For Immediate Release
WASHINGTON, D.C. – A team of three from American University was selected the Washington winner of the first U.S.-Russia Codeathon, a weekend-long, trans-Atlantic gathering of volunteer computer programmers and civil society experts taking place in both Moscow and Washington, D.C. The 30-hour-long, timed event saw software designers or computer science students in both locations work to address challenges and issues related to open governance in both countries that had been raised by civil society groups as part of the expanded dialogue between U.S. and Russian civil society organizations, which is part of the Obama-Medvedev Bilateral Presidential Commission (BPC). The winning team produced a unique search tool capable of connecting citizens to legislation relevant to their interests and helping them to understand it.
The winning team in the U.S. was one of eight, primarily student programmer groups, participating at American University over the September 24-25 weekend. The Moscow Codeathon was hosted at Yandex, a major Russian Internet firm, where seven teams of energetic coders participated. The Codeathon took place simultaneously at the American University, Washington, D.C., and the Yandex headquarters in Moscow. An internet video bridge linked the two sites, allowing teams to interact during the marathon event. Due to the eight-hour time difference, the judges announced the winners early evening Moscow time, while D.C. coders were still going strong after a long night of coding. The Washington event then closed early on Sunday evening at local time.
The Moscow winning team of coders had participants from the Yandex Company and developed a prototype for an anonymous, fraud-proof, verifiable e-polling system. The second and third place teams in Washington produced both an SMS-based neighborhood networking service and a heat-map visualization tool for crime statistics. In Moscow, second place went to a program for visualization of government procurement spending data and third to a program for tracking the assets and income of public officials.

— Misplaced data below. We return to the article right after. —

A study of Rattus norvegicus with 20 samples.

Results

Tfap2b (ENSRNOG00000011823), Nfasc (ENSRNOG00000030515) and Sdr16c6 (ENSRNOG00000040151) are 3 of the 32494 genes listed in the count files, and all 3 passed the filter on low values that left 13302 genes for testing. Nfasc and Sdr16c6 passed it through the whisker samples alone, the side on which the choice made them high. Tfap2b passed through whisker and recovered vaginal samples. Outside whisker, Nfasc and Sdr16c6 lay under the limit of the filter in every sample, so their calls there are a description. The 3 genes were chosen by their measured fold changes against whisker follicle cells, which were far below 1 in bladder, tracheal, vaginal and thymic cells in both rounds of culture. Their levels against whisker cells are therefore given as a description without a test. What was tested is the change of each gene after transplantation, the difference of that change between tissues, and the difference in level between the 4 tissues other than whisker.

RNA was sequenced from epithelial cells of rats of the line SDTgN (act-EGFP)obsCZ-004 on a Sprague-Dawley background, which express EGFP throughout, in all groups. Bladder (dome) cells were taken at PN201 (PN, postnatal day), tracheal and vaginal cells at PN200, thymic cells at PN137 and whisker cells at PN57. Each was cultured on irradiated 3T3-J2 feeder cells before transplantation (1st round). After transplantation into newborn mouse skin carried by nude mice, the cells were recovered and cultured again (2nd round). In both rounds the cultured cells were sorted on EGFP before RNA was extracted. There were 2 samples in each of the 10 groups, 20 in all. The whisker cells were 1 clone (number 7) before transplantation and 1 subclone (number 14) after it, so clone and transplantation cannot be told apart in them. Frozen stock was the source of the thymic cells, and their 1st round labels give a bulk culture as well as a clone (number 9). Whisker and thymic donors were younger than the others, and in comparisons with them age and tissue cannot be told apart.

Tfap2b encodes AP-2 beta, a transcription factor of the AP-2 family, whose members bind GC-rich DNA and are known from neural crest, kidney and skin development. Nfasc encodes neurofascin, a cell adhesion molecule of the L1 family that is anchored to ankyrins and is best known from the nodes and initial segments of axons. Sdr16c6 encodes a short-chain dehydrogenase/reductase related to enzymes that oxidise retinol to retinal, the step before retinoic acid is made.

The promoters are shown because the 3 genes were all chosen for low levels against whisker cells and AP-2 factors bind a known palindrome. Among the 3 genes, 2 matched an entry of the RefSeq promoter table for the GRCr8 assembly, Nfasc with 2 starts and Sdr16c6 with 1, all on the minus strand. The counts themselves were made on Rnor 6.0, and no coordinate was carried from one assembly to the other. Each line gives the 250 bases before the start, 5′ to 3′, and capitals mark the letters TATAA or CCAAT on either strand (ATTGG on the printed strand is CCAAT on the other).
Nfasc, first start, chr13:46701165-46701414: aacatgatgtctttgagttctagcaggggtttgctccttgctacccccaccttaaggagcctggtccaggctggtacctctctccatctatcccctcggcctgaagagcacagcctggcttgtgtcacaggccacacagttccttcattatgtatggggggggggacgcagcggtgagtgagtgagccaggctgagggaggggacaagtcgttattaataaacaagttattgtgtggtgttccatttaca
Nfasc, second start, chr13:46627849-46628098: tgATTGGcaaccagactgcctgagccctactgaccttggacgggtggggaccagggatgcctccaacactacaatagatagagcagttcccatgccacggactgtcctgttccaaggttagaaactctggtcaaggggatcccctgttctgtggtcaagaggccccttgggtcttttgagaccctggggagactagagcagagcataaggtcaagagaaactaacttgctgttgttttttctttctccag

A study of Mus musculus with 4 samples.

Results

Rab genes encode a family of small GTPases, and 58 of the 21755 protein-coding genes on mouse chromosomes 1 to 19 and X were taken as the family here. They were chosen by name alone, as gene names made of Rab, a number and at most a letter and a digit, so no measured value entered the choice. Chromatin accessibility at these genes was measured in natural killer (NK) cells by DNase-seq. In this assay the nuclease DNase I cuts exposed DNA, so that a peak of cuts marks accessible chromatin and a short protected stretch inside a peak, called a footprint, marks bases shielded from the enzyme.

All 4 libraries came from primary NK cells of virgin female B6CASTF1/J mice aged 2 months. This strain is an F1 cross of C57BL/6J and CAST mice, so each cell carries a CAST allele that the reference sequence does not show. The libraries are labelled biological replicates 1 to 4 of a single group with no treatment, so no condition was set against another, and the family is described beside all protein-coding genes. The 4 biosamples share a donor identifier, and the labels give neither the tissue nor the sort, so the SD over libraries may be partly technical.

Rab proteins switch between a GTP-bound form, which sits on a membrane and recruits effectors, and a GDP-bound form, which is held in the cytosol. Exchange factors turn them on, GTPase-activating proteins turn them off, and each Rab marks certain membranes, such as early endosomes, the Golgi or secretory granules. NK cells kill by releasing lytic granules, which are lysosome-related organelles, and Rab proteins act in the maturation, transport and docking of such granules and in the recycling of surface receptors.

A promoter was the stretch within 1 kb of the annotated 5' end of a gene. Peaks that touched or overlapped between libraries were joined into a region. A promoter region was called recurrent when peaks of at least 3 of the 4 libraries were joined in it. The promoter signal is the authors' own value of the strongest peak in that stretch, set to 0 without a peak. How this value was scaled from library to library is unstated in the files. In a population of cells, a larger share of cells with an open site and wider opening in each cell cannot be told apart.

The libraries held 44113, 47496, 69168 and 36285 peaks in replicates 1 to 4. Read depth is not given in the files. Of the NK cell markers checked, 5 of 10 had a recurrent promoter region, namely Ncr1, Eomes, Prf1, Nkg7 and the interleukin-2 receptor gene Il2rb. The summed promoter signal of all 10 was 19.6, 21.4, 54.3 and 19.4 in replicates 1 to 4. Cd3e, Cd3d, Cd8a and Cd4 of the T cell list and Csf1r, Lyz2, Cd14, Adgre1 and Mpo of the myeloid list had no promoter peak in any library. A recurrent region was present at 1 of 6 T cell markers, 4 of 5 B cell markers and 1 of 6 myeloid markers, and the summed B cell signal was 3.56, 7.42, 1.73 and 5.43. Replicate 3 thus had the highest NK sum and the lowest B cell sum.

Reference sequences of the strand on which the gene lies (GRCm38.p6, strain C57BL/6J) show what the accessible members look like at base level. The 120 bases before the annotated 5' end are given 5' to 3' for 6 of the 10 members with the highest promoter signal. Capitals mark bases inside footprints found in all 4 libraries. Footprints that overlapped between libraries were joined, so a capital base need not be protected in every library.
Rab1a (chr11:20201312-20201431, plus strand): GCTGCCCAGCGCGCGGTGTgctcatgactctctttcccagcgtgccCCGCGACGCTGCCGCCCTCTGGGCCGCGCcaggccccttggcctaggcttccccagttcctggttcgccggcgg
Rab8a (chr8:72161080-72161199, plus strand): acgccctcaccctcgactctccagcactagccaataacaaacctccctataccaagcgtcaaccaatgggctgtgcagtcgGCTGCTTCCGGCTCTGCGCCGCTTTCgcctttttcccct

Winning teams were selected by a panel of judges made up of representatives from the tech and open data communities on both sides of the Atlantic. Programmers signed up through an open registration portal at http://code4country.com. Code4Country was a unique event – a U.S.-Russian public-private initiative involving technology companies, civil society and ordinary citizens in the U.S. and Russia to foster cooperation, business development and transparency and efficiency in government. Volunteers from multiple universities, several high-tech companies, including Yandex and Google, together with the Skolkovo Foundation, came together in Washington and Moscow under the framework of the U.S.-Russia BPC to make the Codeathon a reality. Presidents Obama and Medvedev have supported such civil society bridges to promote dialogue between the peoples of both countries and to spur this kind of initiative to solve common problems.
The objective of Code4Country was to generate innovative tools that could make government more transparent and empower citizens in both countries to hold their governments accountable. Organizers believe it is very possible that applications created in Russia during the Codeathon will benefit transparency and e-government in the U.S. and that applications created in the U.S. will have the same benefit in Russia. For the past few weeks, people in Russia and the U.S. submitted problem definitions to a bilingual website, http://code4country.com, identifying an obstacle and a proposed solution for improving openness in their countries and communities through information technologies.
Financial support for the Codeathon was provided in part by the United States Agency for International Development.